J. Carter Brown,
Dale Chihuly,
Frank Gehry,
Philip Johnson,
Chuck Jones,
Maya Lin,
George Lucas,
Wayne Thiebaud
and Fritz Scholder

 
James Rosenquist

Pop Art Master

March 18, 1991
Aripeka, Florida


Let's talk about F-111. How did that painting come about, and how did you decide to make it so huge?


James Rosenquist: That was kind of a culmination of a number of ideas, and one was visiting an amusement park in Texas and seeing a B-36 airplane just sitting there rusting. And then going to an amusement park that had a lot of unnatural things about it as a theme park. And then talking to Barnett Newman about "it" and about seeing something which turns out that a person, whatever one looks at, is relegated by peripheral vision -- what you see through the side of your eyes makes what you think you see, that color for instance. Or color can change other colors, according to the whole surrounding of senses of color, light, dark, everything. So that I wanted to make a room where wherever you look, that color would be that color, because everything else made it that color. And that was it. I could really set the knobs and really do that. I learned that income taxes were started by the Chinese as a donation to make a humanist donation to a community or a society. And just at that time, I met Paul Berg from the St. Louis Post Dispatch, who had just come back from some combat missions in Vietnam. So the culmination of all these things. I thought of the economy that this war weapon supported in Texas and in Long Island. So that was the beginning idea to get me off the chair to do this painting. And later it was taken as a great anti-war picture, and everything. But it didn't start out that way. It was really more of how illogical it was to be an artist in this century, and this time. What a joke it was to be an artist. I mean, if one thinks that they have any power -- political power -- by being an artist or saying something or doing anything, it didn't seem to be... The artist's role in society seemed to be silly at that time.


James Rosenquist Interview Photo

James Rosenquist Interview Photo

But at the same time, as an artist you were making a political statement.

James Rosenquist: Not self-consciously, I don't think. Not at that time.

People were shocked when they first saw your art in the early '60s. It seemed to go against the grain of everything we had been brought up to feel about art. It was very audacious to use commercial, mass production images. Why were you so taken with this revolutionary approach to art?

James Rosenquist: I don't think it's really revolutionary. It shows occasionally in our history, like in the "High and Low" show, there was a Joan Miró painting, a beautiful Miró painting, and the inspiration from that came from clipping a little picture of a knife, fork and spoon out of a catalogue somewhere. And he used the positive-negative space as a sketch, and then this became a big beautiful painting. It was very atmospheric and very unusual, and the knife, fork and spoons were transformed a little bit into funny shapes, but they were still from that. It showed the daring.


People have always been searching for an idea, or a reason to get them off the chair to do something. So during the time of Abstract Expressionism, a lot of students were merely taught to be careless with abandon. Hit the canvas with a rag, with a broom, with a brush. You know, that's called "tachism." After you've made a mark on the canvas, does that mark suggest an inspiration, you see? Then you have to have the responsibility to finish something and do something about that mark that you made, because you destroyed a beautiful painting surface. So, so many people were being taught like that, that the brushstroke -- the viscosity of paint -- became a cliché. That's one thing, that people became tired of that. So also, tired of an abstract painting being misinterpreted into something else. For instance, something that could be very ethereal looking and very unusual looking could have a figure of Popeye sitting there in the middle of it, but the artist didn't really see it. Now that's maybe a bad artist for having something in there that they didn't want. Hans Hofmann would never have done that. He was a sharp old duck. He knew what he was doing. But a lot of people would slip, and flip, and then you could see the strangest art works coming out. So people, so called Pop artists, a lot of them were commercial artists. Roy Lichtenstein did drafting, I was a billboard painter, Andy Warhol was a commercial artist. And others.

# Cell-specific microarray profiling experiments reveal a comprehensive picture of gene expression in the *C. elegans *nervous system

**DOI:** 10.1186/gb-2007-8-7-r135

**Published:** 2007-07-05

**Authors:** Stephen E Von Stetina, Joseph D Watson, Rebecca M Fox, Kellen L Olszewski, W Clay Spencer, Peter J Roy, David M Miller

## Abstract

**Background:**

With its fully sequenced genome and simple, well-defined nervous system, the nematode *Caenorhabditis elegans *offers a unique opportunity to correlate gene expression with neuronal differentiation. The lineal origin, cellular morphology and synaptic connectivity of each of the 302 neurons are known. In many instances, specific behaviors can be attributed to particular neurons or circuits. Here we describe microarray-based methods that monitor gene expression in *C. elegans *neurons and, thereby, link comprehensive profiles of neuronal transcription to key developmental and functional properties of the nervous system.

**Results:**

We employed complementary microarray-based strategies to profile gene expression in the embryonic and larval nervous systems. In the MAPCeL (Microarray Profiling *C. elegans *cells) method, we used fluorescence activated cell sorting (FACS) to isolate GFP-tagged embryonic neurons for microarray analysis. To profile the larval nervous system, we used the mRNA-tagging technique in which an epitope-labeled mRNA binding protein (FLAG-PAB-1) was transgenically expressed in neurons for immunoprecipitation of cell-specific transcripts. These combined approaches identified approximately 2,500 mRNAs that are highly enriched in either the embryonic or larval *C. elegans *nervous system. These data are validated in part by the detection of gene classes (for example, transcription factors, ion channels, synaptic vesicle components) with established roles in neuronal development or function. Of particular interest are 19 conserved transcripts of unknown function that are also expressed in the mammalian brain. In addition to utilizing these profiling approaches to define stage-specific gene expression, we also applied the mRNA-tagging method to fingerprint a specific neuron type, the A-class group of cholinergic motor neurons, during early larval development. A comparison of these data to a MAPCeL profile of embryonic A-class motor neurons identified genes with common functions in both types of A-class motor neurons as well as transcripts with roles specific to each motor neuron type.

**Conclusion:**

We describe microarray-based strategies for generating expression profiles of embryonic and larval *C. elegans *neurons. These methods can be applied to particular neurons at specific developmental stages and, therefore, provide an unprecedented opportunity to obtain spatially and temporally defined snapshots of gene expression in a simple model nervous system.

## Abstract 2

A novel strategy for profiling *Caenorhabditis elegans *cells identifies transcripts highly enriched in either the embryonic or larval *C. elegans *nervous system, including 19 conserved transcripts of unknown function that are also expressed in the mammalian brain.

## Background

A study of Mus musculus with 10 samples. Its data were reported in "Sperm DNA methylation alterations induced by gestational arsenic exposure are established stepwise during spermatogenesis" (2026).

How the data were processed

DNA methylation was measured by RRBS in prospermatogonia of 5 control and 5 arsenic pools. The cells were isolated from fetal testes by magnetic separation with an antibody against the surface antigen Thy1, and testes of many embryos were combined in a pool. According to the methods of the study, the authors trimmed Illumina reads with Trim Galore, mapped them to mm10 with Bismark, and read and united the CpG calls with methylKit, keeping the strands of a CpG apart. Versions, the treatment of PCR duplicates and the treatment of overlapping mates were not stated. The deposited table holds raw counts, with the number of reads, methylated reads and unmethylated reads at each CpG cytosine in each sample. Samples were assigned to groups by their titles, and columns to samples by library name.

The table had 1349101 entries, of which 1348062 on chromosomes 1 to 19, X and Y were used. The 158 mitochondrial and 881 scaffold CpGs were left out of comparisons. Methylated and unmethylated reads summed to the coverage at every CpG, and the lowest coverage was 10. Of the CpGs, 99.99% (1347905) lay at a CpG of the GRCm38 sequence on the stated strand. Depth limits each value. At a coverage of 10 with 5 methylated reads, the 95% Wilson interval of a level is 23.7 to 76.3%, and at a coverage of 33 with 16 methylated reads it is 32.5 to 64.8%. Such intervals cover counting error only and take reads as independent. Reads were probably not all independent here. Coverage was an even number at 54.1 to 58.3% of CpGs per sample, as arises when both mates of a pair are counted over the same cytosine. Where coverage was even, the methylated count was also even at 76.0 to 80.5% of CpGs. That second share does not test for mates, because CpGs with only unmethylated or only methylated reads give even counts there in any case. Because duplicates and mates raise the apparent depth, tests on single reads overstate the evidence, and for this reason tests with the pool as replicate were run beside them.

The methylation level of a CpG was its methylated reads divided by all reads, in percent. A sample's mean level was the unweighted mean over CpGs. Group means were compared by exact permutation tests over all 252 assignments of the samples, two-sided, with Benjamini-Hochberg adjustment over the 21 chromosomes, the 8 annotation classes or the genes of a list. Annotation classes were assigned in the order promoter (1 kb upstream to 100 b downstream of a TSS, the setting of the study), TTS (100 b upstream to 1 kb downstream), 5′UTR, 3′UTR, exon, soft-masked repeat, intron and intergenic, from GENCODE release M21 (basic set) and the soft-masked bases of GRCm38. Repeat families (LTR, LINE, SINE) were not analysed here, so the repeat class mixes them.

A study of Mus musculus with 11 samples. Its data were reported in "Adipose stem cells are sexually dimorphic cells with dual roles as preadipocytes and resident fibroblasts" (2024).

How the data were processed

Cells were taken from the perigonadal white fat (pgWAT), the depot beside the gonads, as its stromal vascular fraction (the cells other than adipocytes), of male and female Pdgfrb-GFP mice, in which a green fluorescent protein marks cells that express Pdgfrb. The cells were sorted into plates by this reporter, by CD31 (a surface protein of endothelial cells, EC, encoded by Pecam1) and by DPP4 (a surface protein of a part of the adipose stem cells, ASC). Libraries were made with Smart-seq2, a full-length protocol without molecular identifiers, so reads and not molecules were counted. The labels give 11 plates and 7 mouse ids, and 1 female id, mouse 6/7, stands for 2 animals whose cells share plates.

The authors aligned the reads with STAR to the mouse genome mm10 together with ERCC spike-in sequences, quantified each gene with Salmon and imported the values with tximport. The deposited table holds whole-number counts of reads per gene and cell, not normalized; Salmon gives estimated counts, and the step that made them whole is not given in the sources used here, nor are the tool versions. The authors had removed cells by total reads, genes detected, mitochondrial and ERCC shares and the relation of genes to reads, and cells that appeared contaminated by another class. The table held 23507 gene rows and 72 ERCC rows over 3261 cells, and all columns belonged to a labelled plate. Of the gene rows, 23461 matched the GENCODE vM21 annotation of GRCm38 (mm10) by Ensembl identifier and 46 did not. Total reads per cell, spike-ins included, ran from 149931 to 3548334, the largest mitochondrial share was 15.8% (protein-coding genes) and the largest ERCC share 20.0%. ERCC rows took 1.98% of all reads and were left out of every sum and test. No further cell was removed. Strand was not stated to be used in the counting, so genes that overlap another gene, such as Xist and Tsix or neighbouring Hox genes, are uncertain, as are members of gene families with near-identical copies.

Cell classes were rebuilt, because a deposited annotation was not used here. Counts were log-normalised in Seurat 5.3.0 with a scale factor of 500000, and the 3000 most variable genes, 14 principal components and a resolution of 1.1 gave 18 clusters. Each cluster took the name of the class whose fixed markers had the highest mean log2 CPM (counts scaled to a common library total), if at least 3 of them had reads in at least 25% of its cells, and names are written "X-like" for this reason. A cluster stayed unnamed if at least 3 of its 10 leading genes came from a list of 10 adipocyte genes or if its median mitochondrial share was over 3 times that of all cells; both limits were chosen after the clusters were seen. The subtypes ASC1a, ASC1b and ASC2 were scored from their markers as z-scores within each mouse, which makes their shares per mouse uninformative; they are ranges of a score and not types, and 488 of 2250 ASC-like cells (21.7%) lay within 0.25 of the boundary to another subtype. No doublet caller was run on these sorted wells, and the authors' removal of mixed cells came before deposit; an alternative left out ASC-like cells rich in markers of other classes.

Do you think there was a reason why this happened when it did? This sense of making serious art from sources that had not been considered serious art?

James Rosenquist: I can't put my finger on that one. I don't really know. One could say that abstract painting up until 1945 or 1950 really had its roots in Europe, from French non-objective painting. One could say this looks more American, which has less roots in Europe. But I don't want to say that, because I don't see enough reasons for that. It would be a self-conscious attitude, like saying, "Hey, I'm going to do this now because I hate Europeans, I'm not going to be like that. I'm an American." I don't see that.

Did you feel that you were part of a movement at the time?

James Rosenquist: Well, Lawrence Alloway coined that term "Pop Art." We were also called "New Realists," and a lot of other things. I think it was a misnomer, Pop Art. Lawrence Alloway seemed to think that everyone was infatuated with popular imagery, which I don't think was the case. The strange thing is that since 1960, that art has still remained popular. People remain interested in it. Also, the artists involved have been very lucky to have a rather long life, with the exception of Andy Warhol and Öyvind Fahlström. But they've been pretty lucky. I'm lucky to have a rather long career.